Friday, March 18, 2011

Top ten take-homes from CloudScape-III

After a day or so to reflect on the CloudScape-III event in Brussels earlier in the week, for me some particular ideas and themes seemed to emerge. As a cloud newbie, a few interesting new terms leapt out at me as well - so here, in no particular order, are my own personal ‘top ten take-homes’ from Cloudscape-III…

No 1. Cloudbursting – if you run out of computing resources in your own data centre or private cloud, you can ‘burst out’ the additional workload to a public cloud, using external resources as you need them.

No 2. Cloud curtain – one of the barriers to cloud adoption. Users find it difficult to know for sure what is going on with their data behind the cloud curtain and have a tendency to feel worried about security and lack of control.

No 3. Privacy and trust – as Luciano Floridi of the University of Hertfordshire pointed out, despite their connotations as moral values, privacy and trust are essential and quantifiable frameworks for tackling the legal and global security issues around clouds.

No 4. X as a Service (XaaS) – terms such as Infrastructure as a Service, Platform as a Service and Software as a Service are commonly used in cloud circles, but the model is starting to leak into almost any area – storage, communications, network and monitoring are some examples. At Cloudscape-III we heard about Government as a Service from Ian Osborne of Intellect, as an alternative term for e-Government. Science as a Service next perhaps?

No 5. The Goldilocks Model – not too hot, not too cold, just right! In cloud computing, Tim Cowan of Sidley Austin and the Open Computing Alliance introduced us to the RAND ( report on how to regulate in this area. Do nothing, and you end up with a borderless world; do too much in terms of regulation and everything is too scattered and silo-ed. The ‘just right’ scenario gives you the connected world – open, collaborative and showing tangible public benefits.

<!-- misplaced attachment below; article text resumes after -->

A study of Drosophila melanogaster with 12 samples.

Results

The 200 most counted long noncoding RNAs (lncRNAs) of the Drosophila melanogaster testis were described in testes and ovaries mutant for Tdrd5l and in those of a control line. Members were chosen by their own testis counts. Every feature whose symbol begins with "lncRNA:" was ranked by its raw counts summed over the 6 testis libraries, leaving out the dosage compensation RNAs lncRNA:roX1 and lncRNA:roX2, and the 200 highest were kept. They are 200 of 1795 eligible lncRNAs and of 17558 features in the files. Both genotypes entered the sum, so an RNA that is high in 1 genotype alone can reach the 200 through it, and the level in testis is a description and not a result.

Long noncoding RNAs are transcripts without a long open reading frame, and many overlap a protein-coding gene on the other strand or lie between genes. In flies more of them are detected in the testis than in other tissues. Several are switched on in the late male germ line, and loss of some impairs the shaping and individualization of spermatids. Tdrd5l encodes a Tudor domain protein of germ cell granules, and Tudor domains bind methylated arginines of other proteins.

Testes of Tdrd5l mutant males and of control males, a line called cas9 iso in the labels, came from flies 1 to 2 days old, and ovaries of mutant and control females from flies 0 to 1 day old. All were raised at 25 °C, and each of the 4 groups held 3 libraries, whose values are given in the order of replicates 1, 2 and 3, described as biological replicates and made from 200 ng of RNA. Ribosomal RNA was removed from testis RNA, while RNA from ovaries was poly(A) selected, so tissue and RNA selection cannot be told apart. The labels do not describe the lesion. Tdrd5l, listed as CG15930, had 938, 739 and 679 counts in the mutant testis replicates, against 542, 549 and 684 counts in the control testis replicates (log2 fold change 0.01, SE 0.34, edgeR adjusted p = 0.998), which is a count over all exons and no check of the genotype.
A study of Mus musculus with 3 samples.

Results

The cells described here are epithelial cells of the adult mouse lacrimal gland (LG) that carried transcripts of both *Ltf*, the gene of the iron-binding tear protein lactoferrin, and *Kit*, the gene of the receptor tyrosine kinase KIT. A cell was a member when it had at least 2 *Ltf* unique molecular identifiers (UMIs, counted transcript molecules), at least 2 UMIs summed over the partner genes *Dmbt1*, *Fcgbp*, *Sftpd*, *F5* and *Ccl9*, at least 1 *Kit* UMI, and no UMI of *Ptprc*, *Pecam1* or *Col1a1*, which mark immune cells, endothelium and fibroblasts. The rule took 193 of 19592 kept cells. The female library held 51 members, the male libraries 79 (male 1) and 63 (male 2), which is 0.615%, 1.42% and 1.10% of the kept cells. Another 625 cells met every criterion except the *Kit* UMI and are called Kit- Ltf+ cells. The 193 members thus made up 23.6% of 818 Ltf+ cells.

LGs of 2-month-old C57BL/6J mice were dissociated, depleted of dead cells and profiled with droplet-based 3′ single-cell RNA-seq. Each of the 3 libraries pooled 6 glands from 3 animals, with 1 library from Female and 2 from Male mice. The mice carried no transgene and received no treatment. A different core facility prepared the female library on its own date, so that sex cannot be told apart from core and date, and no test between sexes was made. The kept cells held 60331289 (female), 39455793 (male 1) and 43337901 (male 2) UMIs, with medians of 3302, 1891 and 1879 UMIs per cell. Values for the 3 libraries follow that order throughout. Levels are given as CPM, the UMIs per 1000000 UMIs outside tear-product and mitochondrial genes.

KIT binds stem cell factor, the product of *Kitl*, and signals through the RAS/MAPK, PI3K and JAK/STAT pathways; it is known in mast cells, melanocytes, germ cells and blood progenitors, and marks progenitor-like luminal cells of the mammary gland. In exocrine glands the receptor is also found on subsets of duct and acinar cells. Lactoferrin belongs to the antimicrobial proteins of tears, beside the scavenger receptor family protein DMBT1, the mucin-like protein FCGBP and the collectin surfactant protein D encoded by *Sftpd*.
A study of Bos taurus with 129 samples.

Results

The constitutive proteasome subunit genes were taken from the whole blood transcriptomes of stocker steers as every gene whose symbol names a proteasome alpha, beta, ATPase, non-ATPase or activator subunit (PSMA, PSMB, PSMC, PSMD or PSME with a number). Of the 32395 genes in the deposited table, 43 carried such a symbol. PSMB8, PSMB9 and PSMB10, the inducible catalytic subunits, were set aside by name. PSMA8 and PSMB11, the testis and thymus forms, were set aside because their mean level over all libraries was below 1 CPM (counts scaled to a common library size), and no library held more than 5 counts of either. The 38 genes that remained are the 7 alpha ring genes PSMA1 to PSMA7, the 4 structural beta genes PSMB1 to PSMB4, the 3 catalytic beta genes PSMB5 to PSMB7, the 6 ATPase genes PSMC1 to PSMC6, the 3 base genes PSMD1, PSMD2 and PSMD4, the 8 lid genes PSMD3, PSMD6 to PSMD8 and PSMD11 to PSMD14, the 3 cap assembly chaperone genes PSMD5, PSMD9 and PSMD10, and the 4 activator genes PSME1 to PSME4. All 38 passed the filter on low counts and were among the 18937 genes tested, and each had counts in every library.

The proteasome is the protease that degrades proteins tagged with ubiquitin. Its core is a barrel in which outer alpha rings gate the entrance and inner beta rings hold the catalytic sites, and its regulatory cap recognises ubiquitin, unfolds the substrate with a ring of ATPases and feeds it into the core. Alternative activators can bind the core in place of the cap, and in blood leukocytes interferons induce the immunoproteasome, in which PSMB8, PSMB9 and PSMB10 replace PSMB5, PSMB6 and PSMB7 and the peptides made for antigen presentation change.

No 6. Big Bang migration – this is something you won’t see in the area of grids and clouds, particularly in the European Grid Infrastructure (, according to Steven Newhouse of Discussing virtualisation, he outlined that the resources we have today can be used just as well on the VM services now starting to emerge.

No 7. Inflection point – Morgan Stanley has investigated internet trends and located a point in 2012 where they expect shipments of smartphones to overtake PCs, the so-called ‘inflection point’. Karl Mayrhofer of Fabasoft highlighted this switch as being of particular significance for SaaS – the cloud is mobile and should be accessible from anywhere. Services need to be smartphone and mobile device friendly.

No 8. Standards – not always everyone’s favourite topic but where would the WorldWide Web be without TCP/IP and HTTP? The question at CloudScape-III was when standards best fit into the development cycle – without standards, you have no interoperability but impose standards too early, and you risk stifling creativity and competition. Where is the sweet spot?

No 9. The Digital Divide – this refers to the ‘haves’ and ‘have nots’ when it comes to access to ICT. It exists within and between countries (Wikipedia map of the global digital divide). In theory, cloud computing has the potential to bridge this gap, since your access to computing resources is less restricted by where you live. However, as Luciano Floridi pointed out, it could also exacerbate the problem, as access needs to be affordable, accessible, safe and reliable - and you still need to have core IT skills available.

No 10. Cloudonomics - the basic economic ideas behind the increasingly successful cloud business model, driven by economies of scale, the benefits of a dispersed model and on-demand services. Find Weinman’s definitions of the 10 laws of cloudonomics at

So these were the top ten ideas I took home to think about... I'm looking forward to CloudScape-IV!